It almost sounded more like squeaking bedsprings than tweets and chirps. Except that there would have been an old time hospital ward full of beds, and those beds would need to be fully exerted in a most athletic fashion to create this level of racket.
Maybe the tree was a bird version of a packed convention center exhibit hall, the echoing din of vendor and vendee voices combining to fill the cavern. Except that the pitch was much higher and frequently punctuated. The noise didn’t grow to a generalized loud buzz. It didn’t fade into the background. It was scraped, like a metal rake on concrete, onto the air.
You couldn’t actually see the birds in the tree, but there were likely hundreds. It wasn’t as much that the tree was large–although it was–but that there were a lot of birds. Peering into the dark foliage you might think you could make out the movement of a bird, but it was as likely to be the movement of a leaf. Undoubtably disturbed by a camouflaged bird. Their shiny black eyes didn’t reflect any light and their beaks and wings melted into the evening shadow of the bounteous greenery.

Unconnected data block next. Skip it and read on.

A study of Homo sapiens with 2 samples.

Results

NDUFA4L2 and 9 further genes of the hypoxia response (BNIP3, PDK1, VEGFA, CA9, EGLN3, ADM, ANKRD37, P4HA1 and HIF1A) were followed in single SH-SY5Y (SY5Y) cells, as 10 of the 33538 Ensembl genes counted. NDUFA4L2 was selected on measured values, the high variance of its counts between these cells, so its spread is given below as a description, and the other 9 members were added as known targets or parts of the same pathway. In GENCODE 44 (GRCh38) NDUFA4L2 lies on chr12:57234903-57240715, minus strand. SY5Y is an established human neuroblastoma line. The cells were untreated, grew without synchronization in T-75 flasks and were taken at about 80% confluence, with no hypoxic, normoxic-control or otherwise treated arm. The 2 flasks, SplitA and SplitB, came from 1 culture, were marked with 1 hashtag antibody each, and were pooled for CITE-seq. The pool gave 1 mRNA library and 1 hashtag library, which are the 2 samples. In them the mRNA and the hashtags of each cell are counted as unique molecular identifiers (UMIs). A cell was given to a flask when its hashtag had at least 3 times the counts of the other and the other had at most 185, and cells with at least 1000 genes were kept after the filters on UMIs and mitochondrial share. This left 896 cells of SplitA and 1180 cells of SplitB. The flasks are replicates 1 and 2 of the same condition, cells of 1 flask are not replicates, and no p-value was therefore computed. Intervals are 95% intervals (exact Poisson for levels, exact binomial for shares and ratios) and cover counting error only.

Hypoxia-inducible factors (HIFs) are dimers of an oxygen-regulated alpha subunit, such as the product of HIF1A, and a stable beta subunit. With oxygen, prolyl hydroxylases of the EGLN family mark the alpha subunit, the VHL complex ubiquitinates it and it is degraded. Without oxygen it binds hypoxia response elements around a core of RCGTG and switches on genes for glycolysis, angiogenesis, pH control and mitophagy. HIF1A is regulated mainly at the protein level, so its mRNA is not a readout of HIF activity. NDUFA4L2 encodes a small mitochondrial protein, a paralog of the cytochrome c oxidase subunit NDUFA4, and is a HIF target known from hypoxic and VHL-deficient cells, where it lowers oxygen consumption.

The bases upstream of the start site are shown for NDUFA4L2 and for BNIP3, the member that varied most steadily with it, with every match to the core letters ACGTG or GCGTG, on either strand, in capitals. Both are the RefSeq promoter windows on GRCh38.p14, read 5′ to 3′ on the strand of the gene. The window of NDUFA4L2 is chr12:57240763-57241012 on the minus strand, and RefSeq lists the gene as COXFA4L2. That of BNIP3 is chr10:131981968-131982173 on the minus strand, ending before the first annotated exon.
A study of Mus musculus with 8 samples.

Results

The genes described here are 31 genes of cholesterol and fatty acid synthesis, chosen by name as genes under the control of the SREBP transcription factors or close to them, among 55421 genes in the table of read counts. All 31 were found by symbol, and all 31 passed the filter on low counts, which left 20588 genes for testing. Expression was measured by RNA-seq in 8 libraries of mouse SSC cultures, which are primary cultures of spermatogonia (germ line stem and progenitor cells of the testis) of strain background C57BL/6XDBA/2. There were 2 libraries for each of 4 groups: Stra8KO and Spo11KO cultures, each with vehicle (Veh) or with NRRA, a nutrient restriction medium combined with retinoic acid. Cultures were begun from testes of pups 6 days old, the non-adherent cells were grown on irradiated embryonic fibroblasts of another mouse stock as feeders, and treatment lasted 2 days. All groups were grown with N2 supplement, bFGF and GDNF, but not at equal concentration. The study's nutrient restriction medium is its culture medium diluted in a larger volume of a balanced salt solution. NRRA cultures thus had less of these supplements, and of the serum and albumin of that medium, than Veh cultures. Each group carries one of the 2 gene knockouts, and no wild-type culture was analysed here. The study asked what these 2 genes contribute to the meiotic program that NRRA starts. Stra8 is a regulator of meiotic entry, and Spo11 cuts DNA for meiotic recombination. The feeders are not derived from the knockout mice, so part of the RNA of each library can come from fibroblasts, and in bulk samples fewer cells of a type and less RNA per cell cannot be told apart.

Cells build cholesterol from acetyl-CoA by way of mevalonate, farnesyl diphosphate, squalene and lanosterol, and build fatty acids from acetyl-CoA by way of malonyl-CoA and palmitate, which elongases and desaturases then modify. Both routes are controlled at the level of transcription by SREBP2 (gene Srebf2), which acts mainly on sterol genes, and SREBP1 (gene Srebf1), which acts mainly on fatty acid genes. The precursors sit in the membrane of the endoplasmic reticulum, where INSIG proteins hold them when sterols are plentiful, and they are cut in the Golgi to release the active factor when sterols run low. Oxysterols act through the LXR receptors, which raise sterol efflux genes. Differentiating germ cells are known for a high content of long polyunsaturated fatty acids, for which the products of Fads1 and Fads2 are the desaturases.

Walking under the tree, people only thought about birds dropping. Not the birds themselves, you know. The gray sidewalk was splashed with white splatter shapes of guano. It wasn’t slick, but it looked it. Pedestrian heads ping-ponged between carefully looking up to avoid walking into dropping poop–carefully in that they didn’t want anything falling into their eyes–and looking down at the ground to avoid a slip and a fall onto the fresh “paint.”
But it was the shrill turbulence of peeps and warbles, and the furious rustling of leaves and branches, that drew attention. And questions. Why that tree? Why so many birds? Why this evening?
As the walkers reached the second half of the block, they forgot that they had even wondered.